Disclaimer- The following is for informational content only and should not be construed as legal advice.

Booking.Com- A major change in trademark rights


On June 30, 2020, the US Supreme Court decided the matter of USPTO v. Booking.com. It was a major milestone in trademark law and application. As an interesting side note, this was the first-ever Supreme Court case that was live streamed and heard through remote oral arguments. In summary, the high court ruled in favor of Booking.com and rejected the PTO’s bright line rule against registering a “generic” word plus domain combinations, such as “.com” “.biz”.

A “generic” is a term that is understood by the public as the common term for a product or service. For example, an “apple” is the generic term for a type of fruit, while a “chair” is a generic term for the thing you sit on everyday. These default terms cannot relate back to a single source of the good or service because the term are those that everyone uses for a particular thing. The purpose of registering a trademark is to identify a single source of goods or services, so it makes sense why trademark law prohibits generic terms from being registered as a trademark.

In the dispute, the USPTO refused to register BOOKING.COM, taking the position that the term “booking” is a generic for reservations, and merely adding “.com” does not make the term any less generic. The Supreme Court has now rejected the PTO’s bright line rule with respect to “generic.com” trademarks, holding that a generic name combined with “.com” alleviates the generic designation, at least for trademark purposes.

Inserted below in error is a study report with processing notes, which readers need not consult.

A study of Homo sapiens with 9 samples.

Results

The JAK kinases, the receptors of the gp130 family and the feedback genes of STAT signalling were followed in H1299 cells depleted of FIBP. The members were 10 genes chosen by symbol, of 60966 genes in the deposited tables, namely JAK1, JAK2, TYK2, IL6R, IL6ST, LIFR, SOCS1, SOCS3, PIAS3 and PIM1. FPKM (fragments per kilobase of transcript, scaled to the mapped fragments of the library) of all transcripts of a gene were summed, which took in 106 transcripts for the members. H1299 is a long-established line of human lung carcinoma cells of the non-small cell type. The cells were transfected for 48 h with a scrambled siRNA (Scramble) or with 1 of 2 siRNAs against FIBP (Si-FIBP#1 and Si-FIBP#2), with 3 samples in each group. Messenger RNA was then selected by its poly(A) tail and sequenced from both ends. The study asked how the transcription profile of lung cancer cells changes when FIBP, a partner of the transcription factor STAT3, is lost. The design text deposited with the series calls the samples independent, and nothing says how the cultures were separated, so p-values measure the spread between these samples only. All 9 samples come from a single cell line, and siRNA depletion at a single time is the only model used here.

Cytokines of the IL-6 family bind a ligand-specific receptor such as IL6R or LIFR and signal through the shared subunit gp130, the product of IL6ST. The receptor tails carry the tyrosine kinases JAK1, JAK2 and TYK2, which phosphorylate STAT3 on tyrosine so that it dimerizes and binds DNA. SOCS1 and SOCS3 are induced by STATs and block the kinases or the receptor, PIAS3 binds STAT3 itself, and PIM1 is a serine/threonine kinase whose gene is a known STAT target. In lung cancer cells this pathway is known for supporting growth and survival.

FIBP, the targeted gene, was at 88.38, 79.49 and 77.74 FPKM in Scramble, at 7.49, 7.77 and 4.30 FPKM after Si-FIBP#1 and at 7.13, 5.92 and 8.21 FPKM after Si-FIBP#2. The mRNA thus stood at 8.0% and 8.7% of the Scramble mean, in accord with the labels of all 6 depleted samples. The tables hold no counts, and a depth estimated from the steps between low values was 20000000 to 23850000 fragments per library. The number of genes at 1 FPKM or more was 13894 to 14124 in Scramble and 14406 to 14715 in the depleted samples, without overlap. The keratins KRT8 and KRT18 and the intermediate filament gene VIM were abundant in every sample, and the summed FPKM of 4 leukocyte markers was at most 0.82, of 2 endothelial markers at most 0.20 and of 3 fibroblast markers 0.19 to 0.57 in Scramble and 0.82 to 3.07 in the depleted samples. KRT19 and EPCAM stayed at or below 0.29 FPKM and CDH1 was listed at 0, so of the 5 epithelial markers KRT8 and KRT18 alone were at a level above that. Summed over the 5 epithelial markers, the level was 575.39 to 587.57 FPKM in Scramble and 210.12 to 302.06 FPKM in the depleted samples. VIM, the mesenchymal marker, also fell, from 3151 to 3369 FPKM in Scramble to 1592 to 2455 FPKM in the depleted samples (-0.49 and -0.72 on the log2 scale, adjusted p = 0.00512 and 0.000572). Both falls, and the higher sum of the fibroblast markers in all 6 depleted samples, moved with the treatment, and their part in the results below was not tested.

Up until this decision, the PTO had always rejected generic.com trademark applications, so its important to understand why the Court departed from this long-established rule. The US Supreme Court focused mainly on the fundamental principal that the strength of the mark depends on how they are perceived by the consuming public. Booking.com established the strength of its trademark through consumer surveys that showed 74.8% of the respondents recognized Booking.com as a brand name. As such, even though “booking” is a generic term and therefore unregistrable, “booking.com” is viewed by the majority of its users as an actual brand, rather than just a generic term and domain name combination.

The Court’s ruling is a big win for Booking, and also for other companies that have struggled in their attempts to obtain federal trademark registration for their generic brand names. In light of this new rule, companies can develop a strategy to use their domain names as brands more actively and register them as a “generic.com” trademark. Prudence is still warranted, however, as even with this decision, the PTO can always reject a trademark application, and will still require evidence showing the strength of the domain name trademark.

Trademark applications should always be submitted with the help and assistance of qualified attorneys who understand how to avoid rejections from the PTO.